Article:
You're a coach. You care passionately about the athletes that you coach and the content and strategy that you base your season on, but do you care about the key fundamentals that make you the coach that you are? If you haven't had time to think about it, it's time to slow down and put some thought to this very important question. What are your core values as a coach? Before I go into mine, I want you to take about 5 minutes to yourself and write down yours. If you don't even know where to start you can think of it like this:
Core values are your ethics when you're coaching. They are ideas that are ingrained into your being. Take this example:
"I always show up on time and it's important to me that the athletes that I coach always show up on time also."
The above statement is not quite a core value, but it is related to one. As a coach, you prefer timeliness. You might even be one of those people who think if you're on time, you're actually ten minutes late. If this is the case, you might not realize it, but you probably also consider it a sign of respect to be on time when you have an appointment with someone. In turn, if someone is late when you're meant to meet them, you probably consider it a sign of disrespect. If they are always late, you probably can't trust them to be on time. If your whole relationship depends on timeliness, then your relationship is essentially broken.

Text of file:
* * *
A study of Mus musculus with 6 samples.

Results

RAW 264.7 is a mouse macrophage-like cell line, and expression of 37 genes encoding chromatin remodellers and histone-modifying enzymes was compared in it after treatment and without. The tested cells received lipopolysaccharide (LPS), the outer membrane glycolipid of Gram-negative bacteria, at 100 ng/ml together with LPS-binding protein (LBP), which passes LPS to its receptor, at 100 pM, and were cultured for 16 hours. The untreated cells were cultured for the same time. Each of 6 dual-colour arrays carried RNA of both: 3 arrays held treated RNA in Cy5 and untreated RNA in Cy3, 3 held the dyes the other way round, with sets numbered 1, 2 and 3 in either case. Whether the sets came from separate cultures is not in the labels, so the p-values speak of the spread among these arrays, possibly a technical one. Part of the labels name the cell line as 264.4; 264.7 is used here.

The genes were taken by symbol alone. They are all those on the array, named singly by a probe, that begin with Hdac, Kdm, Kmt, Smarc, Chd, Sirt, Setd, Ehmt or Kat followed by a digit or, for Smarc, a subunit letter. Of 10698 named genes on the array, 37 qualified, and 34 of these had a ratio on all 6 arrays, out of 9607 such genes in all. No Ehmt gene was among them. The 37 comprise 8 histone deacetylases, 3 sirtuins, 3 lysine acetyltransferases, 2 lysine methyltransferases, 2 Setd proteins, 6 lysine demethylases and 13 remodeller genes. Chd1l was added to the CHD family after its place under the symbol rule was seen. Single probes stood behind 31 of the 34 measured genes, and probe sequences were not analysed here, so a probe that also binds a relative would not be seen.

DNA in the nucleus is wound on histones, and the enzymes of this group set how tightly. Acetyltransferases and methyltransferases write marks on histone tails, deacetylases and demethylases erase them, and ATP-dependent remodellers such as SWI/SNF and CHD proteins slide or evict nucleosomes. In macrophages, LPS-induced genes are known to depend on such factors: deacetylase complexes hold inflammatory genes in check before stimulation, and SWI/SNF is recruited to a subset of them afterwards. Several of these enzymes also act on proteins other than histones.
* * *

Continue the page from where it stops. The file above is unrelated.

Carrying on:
Let's now take timeliness and try to find the core value that it is rooted in. If you reread the previous paragraph, you'll see the word respect and you'll also see the word trust. The coach who values timeliness thinks that it is an indicator of respect and a dictator of trust. If we take timeliness out of the conversation, what we are left with are two very important social norms: being respectful and being trustworthy. This coach is on time because they want to be respectful and they take other people's timeliness as a sign of mutual respect. Then a person is constantly on time, they also feel they can trust them, when they are not on time, they question the trust in the relationship.
If this coach were writing their core values today, they should include respect and trust as two very important aspects to their coaching program.
So, take some time to think about yours and write them down. 8 years ago my list was 13 values long, then I narrowed it down to 6 values and then I added one value back to the list so it's now at lucky number 7. Without further delay, here is my current list of Coaching Core Values, in order of importance:
1) Your ideas are valuable, you have a choice of what you want to teach and who you want to teach
2) Every athlete has the freedom to learn what they choose to learn
3) You must become an expert communicator
4) Treat athletes with respect, expect the same from the athletes
5) Be trustworthy
6) Learn how to interpret the indicators that athletes are giving to you
7) Your coaching style must be adaptable
Now that you've had a chance to read my core values, does it make you want to go back and edit yours? Does anything from my list surprise you? Are these what you would consider to be core values?
Over the next few weeks I'll be posting on every one of my core values and we
'll be delving a bit deeper into what they mean to me. In the mean time, start paying attention to those fundamentals that you live by, so that you can really create the list that defines who you are as a coach. You might even have fun while you do it!